The guttering around your house is probably one of the last things you think about. Gutters and downpipes aren’t very exciting. Probably you will never even notice yours until something goes wrong and they start leaking or fail altogether. Then it’s the wrong kind of excitement.
Gutters and Downpipes are in fact an essential part of your home. They carry away all the rainwater from your roof into your underground drainage system. Primarily they stop water from running down the sides of your house causing damp brickwork.
Let’s have look at the most common types of guttering found on your house.
PVC (plastic): The most widely used guttering. It is lightweight, comes in a variety of shapes, sizes and colours. It is easy to handle and install. The 3 main shapes are half round, Square and Ogee which is similar in shape to the old style cast iron guttering. It is worth noting that Square and Ogee guttering can carry larger volumes of water.
Cast Iron: If you own an old property chances are it has or may have had cast iron guttering in the past. It usually comes in half round or Ogee style but on certain properties you may find square guttering or other unusual designs. Cast iron typically comes in lengths of around 4 feet and is joined together with an overlap with a small bolt to secure it. Traditionally the joins were sealed with putty. Cast iron guttering is quite heavy and not as easy to install as plastic types.
Concrete formed: A lot of older type council properties if you live near to Nottingham or Derby have sectional pre cast concrete gutters. These are built into the top courses of the house forming a guttering and fascia. It is quite common to have these removed and more common types of gutter to be installed.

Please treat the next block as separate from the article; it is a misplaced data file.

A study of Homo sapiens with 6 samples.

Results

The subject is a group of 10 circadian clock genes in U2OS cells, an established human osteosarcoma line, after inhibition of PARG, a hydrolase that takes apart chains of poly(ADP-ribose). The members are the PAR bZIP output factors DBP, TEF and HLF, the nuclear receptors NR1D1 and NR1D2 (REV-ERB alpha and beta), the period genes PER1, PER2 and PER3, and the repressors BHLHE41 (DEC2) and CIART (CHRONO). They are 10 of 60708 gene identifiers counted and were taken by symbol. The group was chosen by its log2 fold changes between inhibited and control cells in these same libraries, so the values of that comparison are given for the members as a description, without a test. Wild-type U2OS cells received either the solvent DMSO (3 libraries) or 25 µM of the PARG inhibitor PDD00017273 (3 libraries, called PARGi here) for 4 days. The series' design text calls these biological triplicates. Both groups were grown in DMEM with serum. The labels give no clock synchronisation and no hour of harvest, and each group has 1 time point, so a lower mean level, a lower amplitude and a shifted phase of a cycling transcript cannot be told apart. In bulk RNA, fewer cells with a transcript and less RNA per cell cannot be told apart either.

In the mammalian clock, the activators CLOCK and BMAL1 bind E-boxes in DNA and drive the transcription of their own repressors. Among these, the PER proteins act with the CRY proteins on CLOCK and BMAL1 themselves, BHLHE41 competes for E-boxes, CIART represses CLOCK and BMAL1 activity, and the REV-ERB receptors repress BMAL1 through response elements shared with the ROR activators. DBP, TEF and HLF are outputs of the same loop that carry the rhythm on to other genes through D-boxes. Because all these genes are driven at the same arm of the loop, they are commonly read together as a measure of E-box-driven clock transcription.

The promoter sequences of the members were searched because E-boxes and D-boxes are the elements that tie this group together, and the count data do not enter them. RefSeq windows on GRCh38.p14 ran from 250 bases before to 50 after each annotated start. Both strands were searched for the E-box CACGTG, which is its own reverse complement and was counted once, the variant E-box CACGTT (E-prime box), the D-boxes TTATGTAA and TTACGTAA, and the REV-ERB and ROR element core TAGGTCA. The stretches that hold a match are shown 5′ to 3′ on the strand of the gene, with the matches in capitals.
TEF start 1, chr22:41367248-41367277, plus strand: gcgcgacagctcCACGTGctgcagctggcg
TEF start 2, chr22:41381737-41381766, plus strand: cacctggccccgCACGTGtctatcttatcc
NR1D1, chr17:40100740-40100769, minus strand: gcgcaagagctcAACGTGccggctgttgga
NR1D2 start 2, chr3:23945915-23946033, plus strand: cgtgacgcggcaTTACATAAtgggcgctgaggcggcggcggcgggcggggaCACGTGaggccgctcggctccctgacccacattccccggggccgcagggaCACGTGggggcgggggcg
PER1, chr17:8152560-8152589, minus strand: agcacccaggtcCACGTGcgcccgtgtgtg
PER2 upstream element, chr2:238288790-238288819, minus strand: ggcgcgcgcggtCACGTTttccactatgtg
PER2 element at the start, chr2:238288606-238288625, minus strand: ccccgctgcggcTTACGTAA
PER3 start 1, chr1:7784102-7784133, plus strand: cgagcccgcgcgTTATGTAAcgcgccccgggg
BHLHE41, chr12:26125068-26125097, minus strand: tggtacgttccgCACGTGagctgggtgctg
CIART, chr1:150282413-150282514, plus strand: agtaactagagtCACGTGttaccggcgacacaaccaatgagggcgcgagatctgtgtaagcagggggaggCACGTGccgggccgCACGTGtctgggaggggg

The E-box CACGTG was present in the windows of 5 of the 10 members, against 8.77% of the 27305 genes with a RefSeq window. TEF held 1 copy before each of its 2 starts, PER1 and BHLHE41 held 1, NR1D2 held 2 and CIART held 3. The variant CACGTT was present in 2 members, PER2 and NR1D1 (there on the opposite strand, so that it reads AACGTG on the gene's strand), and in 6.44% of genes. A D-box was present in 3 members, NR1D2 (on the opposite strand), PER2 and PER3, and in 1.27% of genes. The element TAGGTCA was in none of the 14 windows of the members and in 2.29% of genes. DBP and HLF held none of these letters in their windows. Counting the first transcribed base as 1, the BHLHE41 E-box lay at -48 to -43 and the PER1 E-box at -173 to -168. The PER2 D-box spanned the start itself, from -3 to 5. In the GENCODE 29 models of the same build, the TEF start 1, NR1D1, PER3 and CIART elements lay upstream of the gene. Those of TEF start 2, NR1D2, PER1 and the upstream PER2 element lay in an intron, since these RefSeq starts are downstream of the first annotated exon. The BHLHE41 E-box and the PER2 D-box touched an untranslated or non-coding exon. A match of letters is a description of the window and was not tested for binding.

Asbestos Gutter: Again on older houses in certain towns you may come across asbestos guttering, not very common but these are usually of the round type. Care should be taken of course when handling or removing them.
You should ideally aim to check your guttering and downpipes at least twice a year and carry out any gutter repairs as soon as possible. If you have a head for heights then repairing gutters are a fairly simple task. Your first job should be to clear out any debris or leaves from all of you gutters and check that rainwater can run freely into the down pipes. If any leaks are detected then you should remove the gutter joint, thoroughly clean the areas and inspect the rubber seal if it is a plastic gutter they are easily replaceable and different sizes are available so you can ensure a good fit. If a sealant must be used then be sure to use a high quality brand that is specifically for gutters.
In the case of maintaining cast iron gutters again you should clean out any debris and check for leaks around the joints. Every few years you should also paint the inside of your cast iron guttering with good quality bitumen paint. To repair cast iron gutters you should carefully remove the connecting bolt, remove any existing sealant and apply a high quality jointing adhesive and fit a new bolt and carefully retighten it. Extreme care should be taken when removing joints or the gutter itself as it is very heavy. You must carefully inspect the holding brackets of the gutter and if they or the guttering itself are perished it is probably time to replace the gutter altogether.
Repairing or maintaining asbestos guttering is not recommended for the homeowner especially if it is in bad condition. If the gutter is in fair condition then it should be safe to repaint it every few years but it is advisable to seek the help of a professional gutter repair service in the case of asbestos gutters.